Nicaragua: Sodomy Laws Repealed

On June 11, 1992 the Nicaraguan National Assembly approved a number of amendments to the Penal Code regarding sexual offences. Article 204 of the Penal Code, in its amended version, established the crime of “sodomy”.
In November 1992 a coalition known as the Campaign for Sexuality without Prejudices, comprising, amongst others, lawyers and lesbian and gay activists, presented an appeal to the Supreme Court of Justice, challenging the law as unconstitutional. The appeal presented detailed arguments stating that Article 204 of the revised Penal Code violated 12 articles of the Nicaraguan constitution, including the right to privacy, to freedom of expression and to non-discrimination before the law. It also argued that by violating these rights, Article 204 contravened international human rights standards. In March 1994, the Supreme Court rejected the appeal, concluding that Article 204 did not violate any of the rights guaranteed in the Constitution.
Later, reports in the media and from human rights activists in Nicaragua indicate that President Enrique Bolanos had allegedly ordered that a list of all members of his government “suspected” of being part of the “gay-lesbian world” be compiled so he could dismiss them before leaving office in January 2007 following the November 2006 election. Such high-level homophobia concerns Amnesty International as it gives official sanction to acts of violence committed against LGBT people.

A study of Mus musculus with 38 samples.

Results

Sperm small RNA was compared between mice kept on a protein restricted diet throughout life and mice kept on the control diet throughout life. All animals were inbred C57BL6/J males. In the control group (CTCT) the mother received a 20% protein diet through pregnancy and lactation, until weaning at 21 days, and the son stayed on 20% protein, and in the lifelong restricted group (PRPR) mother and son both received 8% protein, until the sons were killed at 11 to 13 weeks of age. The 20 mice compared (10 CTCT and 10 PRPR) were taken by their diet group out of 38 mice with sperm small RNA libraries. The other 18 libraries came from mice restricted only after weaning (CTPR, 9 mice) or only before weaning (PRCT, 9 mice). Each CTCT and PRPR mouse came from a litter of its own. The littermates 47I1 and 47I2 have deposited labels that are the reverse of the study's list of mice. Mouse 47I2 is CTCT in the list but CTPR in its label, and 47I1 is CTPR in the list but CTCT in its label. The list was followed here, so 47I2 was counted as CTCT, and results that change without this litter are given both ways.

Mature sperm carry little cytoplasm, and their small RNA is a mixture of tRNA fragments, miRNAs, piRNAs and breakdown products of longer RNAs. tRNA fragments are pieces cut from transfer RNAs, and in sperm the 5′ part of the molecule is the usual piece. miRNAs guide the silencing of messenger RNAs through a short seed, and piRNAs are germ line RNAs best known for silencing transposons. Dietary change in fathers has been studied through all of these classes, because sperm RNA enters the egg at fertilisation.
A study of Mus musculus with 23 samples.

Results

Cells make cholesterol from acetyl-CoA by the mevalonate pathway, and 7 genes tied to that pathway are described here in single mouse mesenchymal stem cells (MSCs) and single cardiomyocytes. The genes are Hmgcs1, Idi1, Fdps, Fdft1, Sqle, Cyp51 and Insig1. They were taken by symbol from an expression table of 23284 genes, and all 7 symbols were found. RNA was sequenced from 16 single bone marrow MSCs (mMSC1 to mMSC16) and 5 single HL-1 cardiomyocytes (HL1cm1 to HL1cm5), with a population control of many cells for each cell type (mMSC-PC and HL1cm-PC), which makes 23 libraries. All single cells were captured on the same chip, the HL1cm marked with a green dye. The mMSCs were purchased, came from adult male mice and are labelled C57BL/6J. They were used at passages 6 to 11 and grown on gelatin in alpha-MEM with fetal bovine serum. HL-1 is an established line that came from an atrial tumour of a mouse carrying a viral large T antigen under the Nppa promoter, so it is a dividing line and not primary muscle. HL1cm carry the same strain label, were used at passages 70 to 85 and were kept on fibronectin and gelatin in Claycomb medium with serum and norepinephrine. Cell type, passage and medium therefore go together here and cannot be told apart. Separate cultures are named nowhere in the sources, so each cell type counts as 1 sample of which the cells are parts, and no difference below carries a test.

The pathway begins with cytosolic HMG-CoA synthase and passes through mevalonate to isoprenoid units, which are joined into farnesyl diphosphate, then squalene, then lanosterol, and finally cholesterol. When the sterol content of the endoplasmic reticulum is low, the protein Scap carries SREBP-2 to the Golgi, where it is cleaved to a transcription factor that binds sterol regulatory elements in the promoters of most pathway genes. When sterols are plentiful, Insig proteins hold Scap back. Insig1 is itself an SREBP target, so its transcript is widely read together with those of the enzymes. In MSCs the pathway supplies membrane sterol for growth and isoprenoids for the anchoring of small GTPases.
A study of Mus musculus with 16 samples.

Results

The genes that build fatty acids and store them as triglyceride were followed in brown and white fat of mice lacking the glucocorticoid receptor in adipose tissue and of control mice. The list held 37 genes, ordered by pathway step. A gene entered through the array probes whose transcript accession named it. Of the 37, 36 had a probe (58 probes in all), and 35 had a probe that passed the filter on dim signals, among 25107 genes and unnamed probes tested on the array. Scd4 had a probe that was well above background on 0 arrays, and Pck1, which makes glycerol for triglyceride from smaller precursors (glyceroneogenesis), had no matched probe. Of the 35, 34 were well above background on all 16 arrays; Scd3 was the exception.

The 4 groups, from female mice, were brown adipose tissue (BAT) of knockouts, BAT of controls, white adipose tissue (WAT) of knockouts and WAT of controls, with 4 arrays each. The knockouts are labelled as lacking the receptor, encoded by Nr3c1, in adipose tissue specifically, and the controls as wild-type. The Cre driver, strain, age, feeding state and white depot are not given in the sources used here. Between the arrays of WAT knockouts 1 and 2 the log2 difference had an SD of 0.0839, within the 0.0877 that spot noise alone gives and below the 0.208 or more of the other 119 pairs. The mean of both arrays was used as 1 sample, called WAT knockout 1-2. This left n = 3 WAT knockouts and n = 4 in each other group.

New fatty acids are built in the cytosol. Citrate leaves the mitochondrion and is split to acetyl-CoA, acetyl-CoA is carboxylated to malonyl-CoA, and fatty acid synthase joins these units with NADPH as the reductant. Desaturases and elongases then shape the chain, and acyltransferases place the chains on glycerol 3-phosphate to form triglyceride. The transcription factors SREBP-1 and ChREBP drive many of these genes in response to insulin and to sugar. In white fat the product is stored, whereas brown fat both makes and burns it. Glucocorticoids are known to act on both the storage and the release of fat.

In September 2007, a movement initiated by Amnesty International Mexico, culminated in protests against the country’s sodomy laws taking place outside Nicaraguan embassies and consulates in over 10 countries worldwide, including Mexico, Chile, Germany, Canada, and Iceland. A new Penal Code repealing Article 204 came into force on 1 March 2008.